Gardener's Diary Post

November 2019

Bedding down for winter.



Preparations are now being made for winter with the first hard frosts more frequent. There is still a general round of clearing leaves – and another area too cleared for collecting and storing leaf mould behind the oil tanks by the Little Wood. The leaves have also been cleared out of the guttering in the house where they collect and clog up the system.

Also there is a final cutting back of any left over perennials in the beds as all is now gone over – nepeta along the long beds in the Front garden and Solomon’s seal and astilbe in Pompeian garden. The large hosta behind the Aircraft carrier in the Temple pond has been spilt and replanted in gaps along path to the Siegfried Line. This should now bulk out and identify this area clearly as a planned hosta walk for next year. Generally plans for replanting and renovating beds and other sections of the garden are well underway, with final sowings of autumn seeds (mainly wildflowers), cuttings and found saplings potted up and ready for rehoming in due course. The filled benches of the greenhouses look industrious even at this time of year.

Flag iris has been cut down in areas where it has become very dominant – along the edges of the path from the Metamorphic trellis to the Lochan, along the Lochan edge by the sluice – where it threatens to overwhelm the hard won wildflower area. More will need to be dug out and removed from the loch itself – but that is a job perhaps better planned for when the water is a little warmer.

The gravel path which leads from the Woodland Garden to the Claudi Bridge has been cleared of moss and raked over so that it once again makes a clear and distinct passage between these spaces, and overhanging beaches from the shrubs and trees along the bridge itself have been pruned back.

Bare-root blackcurrant bushes have been ordered – and once they arrive we can decide whether to press ahead with replanting immediately the new serpentine walkway in middle of the Parkland. The old bushes from here can be moved into the Wild garden and Little wood.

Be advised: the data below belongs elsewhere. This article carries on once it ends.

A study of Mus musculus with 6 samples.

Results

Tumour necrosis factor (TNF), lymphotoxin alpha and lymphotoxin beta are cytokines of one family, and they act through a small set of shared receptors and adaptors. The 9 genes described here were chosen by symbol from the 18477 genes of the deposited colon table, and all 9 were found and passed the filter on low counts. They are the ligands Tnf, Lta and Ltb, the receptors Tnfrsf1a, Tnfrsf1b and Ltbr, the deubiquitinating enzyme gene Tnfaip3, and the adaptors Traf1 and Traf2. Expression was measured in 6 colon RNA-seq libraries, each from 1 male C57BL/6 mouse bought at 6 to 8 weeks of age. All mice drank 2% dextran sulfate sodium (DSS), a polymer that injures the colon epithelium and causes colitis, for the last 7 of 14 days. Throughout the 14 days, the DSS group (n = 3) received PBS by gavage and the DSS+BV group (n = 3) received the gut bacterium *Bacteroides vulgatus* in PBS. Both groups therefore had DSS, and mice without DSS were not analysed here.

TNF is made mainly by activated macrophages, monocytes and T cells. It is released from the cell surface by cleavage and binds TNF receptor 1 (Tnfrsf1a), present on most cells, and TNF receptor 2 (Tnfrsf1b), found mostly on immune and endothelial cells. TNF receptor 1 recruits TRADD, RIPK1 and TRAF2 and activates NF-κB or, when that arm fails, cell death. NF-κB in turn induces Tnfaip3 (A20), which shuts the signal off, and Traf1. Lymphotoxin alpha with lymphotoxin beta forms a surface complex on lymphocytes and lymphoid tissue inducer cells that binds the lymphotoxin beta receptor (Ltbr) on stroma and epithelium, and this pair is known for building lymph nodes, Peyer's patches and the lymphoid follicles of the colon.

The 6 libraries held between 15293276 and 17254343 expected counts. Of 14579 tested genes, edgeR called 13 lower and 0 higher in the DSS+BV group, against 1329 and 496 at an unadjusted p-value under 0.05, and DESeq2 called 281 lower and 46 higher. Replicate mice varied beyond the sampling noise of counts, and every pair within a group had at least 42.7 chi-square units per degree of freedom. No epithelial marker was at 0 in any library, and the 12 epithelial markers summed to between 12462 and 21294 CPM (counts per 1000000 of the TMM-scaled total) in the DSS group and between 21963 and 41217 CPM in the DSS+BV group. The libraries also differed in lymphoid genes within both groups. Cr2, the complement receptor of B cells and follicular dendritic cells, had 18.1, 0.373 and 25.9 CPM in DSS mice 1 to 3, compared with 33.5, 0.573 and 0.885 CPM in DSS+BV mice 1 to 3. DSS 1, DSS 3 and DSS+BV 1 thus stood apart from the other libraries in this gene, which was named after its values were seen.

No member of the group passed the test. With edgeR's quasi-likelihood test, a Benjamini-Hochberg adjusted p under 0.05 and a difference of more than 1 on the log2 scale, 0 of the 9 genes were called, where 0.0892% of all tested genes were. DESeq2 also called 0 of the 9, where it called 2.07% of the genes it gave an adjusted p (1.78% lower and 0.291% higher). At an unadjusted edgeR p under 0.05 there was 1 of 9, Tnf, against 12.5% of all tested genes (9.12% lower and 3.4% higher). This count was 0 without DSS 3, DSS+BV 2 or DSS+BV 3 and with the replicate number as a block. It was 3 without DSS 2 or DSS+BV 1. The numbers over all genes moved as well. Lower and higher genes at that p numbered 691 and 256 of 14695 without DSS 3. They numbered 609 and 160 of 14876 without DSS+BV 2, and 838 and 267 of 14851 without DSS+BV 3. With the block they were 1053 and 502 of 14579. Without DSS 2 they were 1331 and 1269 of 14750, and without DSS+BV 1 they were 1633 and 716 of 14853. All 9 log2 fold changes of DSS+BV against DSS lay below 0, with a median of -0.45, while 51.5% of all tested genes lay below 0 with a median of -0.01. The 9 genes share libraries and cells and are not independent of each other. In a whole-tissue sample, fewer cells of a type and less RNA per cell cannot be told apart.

The main preoccupation this month though has been starting to lay new stone paths around the very worn sections of compacted grass pathways in the Woodland. This has been completed mainly with materials scavenged from throughout the garden – an old supply of handmade bricks, cobbles and ‘wild’ stones.

There is a new cobble section along the side of the Hortus – one of the entrances to the woodland – this was deliberately built as a raised path so that the areas to either side could be infilled with topsoil and planted with forget-me-nots and dotted with a few cowslips – so a ‘forget-me-not path’ – and a more decorative transition from formal to woodland but still very much in keeping with the original intention.

The worst affected areas in the woodland have always been around the perimeter of the Top pond. These have been dug out and a continuation of the existing brick pathways extended around this area – particularly by the Aqueduct and where the path narrows past the Way-Faring Tree milestone. Along by the head of Apollon Terroriste more cobbles have been bedded in – the hope is that all these areas will grass and moss over in the springtime and soften their appearance while consolidating the effects of wear and tear from continual footfall. Yet another troublesome section is by the entrance through the Hand Grenade gate piers – here too a patchwork of brick sections should solve the problems caused by dark shadow and trampling. The laurel here has also been pruned back to allow more light to filter through.

And the light at this time of year is shortening and passing – there is no more pleasing sight in these days than the frosted filigree pattern of bare branches against a clear pale blue sky. Another aspect of the garden as it beds down for winter.